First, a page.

When I mention the name Ulifilas, does he sound familiar to you? Well…don’t be frustrated because I had never heard of him before I studied him in my Church History class this past semester. He is not one of the most famous names from Church History. We tend to think about Paul, Peter, Stephen, Augustine, Gregory I, Luther, Calvin, The Puritans, and Billy Graham. For much of history, however, the advancement of the gospel and the kingdom of God has not come from famous popes, councils, priests, and preachers. The truth is that the gospel has advanced through the sacrificial work of un-named and less famous people like Ulifilas.
Ulifilas was born ca.311 to a culturally mixed family in Cappadocia (modern Turkey). His parents were not Goths by decent, but were Gothic slaves. He was predominately raised in Gothic culture. The Goths were pagans who originated from modern day Germany. During the fourth century the Goths were considered “barbarians,” partially responsible for the fall of the Roman Empire. They were ulimately seen as enemies of the empire, the Church, and society.
Ulifilas, having become a bishop, had a growing desire to be a missionary. The people whom he desired to reach with the gospel were his people, the Goths. So, he packed up his life and moved to live among “the enemy.” He is most noted for his invention of the Gothic alphabet which he used to translate the Bible into so that the people he converted could read God’s Word for themselves. Not much is know about him after this. Yet, he spent the remainder of his life being a faithful missionary to people that the rest of society did not want to be around.
So what can we learn from the life of Ulifilas. There are 5 things we can glean from Ulifilas about being a missionary to our culture.
- Loved Jesus – It should be a given, but to be a missionary we must love Jesus with all our heart. As our heart is transformed by the Holy pirit, we are then given the capacity to love Jesus. 1 John 4:19 puts it this way, “We love because he first loved us” (ESV). Ulifilas loved Jesus because his heart had been regenerated. Do you love Jesus?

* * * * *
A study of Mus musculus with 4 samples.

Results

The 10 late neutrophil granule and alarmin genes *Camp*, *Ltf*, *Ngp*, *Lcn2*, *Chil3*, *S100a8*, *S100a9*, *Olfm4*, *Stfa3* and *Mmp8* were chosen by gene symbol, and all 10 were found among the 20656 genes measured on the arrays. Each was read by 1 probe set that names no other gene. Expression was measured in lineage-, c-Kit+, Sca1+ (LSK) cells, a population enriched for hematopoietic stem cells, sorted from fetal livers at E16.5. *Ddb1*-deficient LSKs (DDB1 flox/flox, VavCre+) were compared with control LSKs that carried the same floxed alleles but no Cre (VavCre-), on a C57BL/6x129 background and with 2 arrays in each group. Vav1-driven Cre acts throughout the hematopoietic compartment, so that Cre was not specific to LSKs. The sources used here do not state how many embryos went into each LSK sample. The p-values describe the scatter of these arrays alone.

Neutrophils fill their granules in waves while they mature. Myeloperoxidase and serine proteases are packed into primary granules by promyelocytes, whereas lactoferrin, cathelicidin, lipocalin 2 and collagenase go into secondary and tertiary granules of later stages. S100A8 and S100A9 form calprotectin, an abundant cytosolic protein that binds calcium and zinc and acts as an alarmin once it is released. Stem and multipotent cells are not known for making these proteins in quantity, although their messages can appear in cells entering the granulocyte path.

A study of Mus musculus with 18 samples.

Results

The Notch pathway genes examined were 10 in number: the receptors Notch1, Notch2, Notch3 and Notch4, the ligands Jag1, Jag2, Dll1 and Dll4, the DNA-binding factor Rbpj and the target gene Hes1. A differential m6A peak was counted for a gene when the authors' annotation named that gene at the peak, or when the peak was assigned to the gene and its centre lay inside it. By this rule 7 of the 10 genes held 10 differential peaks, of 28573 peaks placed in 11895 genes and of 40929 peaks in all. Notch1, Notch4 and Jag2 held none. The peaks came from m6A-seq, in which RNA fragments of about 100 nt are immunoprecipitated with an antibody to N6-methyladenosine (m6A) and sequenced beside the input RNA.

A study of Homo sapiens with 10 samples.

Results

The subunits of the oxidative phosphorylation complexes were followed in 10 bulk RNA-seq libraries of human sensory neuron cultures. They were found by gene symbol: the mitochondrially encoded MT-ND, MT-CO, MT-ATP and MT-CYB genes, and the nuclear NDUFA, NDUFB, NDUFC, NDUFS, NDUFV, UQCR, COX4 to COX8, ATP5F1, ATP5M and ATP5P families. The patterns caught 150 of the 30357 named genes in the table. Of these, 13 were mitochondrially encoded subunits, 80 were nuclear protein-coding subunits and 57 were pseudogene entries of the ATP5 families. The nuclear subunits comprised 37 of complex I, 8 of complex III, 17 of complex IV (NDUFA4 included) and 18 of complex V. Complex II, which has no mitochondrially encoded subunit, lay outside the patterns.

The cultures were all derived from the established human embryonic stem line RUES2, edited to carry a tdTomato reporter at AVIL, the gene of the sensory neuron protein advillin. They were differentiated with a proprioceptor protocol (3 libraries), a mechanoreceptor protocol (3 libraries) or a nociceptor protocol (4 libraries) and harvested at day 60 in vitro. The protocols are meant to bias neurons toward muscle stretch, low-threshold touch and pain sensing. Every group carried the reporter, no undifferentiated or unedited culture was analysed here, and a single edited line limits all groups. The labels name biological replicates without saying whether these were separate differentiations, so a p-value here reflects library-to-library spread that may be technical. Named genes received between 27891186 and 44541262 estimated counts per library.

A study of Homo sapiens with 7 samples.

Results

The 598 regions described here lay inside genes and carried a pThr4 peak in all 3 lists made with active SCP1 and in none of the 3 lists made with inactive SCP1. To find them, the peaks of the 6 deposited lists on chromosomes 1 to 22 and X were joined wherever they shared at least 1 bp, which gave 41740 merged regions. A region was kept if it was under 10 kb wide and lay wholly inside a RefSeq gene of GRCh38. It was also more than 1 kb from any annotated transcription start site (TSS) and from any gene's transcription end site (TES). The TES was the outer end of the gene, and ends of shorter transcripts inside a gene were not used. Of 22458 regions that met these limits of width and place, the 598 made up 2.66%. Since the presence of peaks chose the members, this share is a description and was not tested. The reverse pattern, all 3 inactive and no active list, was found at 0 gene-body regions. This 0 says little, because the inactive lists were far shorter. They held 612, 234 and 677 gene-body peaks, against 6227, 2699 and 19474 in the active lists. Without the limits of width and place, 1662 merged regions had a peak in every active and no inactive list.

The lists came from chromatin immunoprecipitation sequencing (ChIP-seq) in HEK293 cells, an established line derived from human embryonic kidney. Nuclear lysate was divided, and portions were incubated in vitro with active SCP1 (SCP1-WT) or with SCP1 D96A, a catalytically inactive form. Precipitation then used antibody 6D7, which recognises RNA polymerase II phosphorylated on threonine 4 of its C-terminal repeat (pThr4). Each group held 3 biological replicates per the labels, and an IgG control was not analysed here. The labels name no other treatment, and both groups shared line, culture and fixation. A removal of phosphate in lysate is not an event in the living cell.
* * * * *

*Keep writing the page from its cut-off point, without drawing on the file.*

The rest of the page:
- Heart for the Lost – When our hearts are regenerated by the Spirit to love Jesus, we then are given the capacity to love those whom Jesus loves. As a disciple of Jesus Christ, Ulifilas had a love for the Goths whom he knew needed to hear the gospel of Jesus Christ. We too must think beyond ourselves and take a look a the world around us. Our culture today is in desperate need of the gospel! Do you have a heart for the lost?
- Engaged the Culture – Ulifilas engaged Gothic culture by spending time with them. It took him years to develop an alphabet that they could read. He had to learn the culture enough so that he could translate the Bible, not only in a way they could read, but also a way they could understand. As disciples of Jesus Christ we are all called to be missionaries in the culture around us. Each day we translate the Bible to the world around us. How are you engaging your culture?
- Pointed the Culture to Christ – Not only did Ulifilas engage the Gothic culture, he pointed them to Jesus. We too, as missionaries, point people to Jesus with the way we live and how we speak. This does not happen accidentally; we must intentionally live our lives in such a way that point people to Christ. How does your life point people to Jesus?
- Lived Faithful – Ulifilas lived faithful to the end. He helped found the national Gothic church that was used by the Lord to reach more people with the gospel. As disciples we are called to live faithful to the end. Times are getting tougher and we may find it harder to live as Christians in our culture, but this is no time to throw in the towel. The author of the letter to the Hebrews encourages us, “Since we are surrounded by so great a cloud of witnesses, let us also lay aside every weight, and sin which clings so closely, and let us run with endurance the race that is set before us, looking to Jesus, the founder and perfecter of our faith, who for the joy that was set before him endured the cross, despising the shame, and is seated at the right hand of the throne of God” (Hebrews 12:1-2, ESV). Are you living faithfully?
I encourage you this week to ask yourself these five questions. The truth is, each one of us has room to grow. We too are like Ulifilas, no one may ever no our name. But we don’t live our lives for others to know our name. We live our lives because Jesus already does and has written it in the Lamb’s Book of Life! Love Jesus, love the lost, engage your culture, point them to Jesus, and live faithfully. This is what the Lord has called his disciples to do. How are you doing?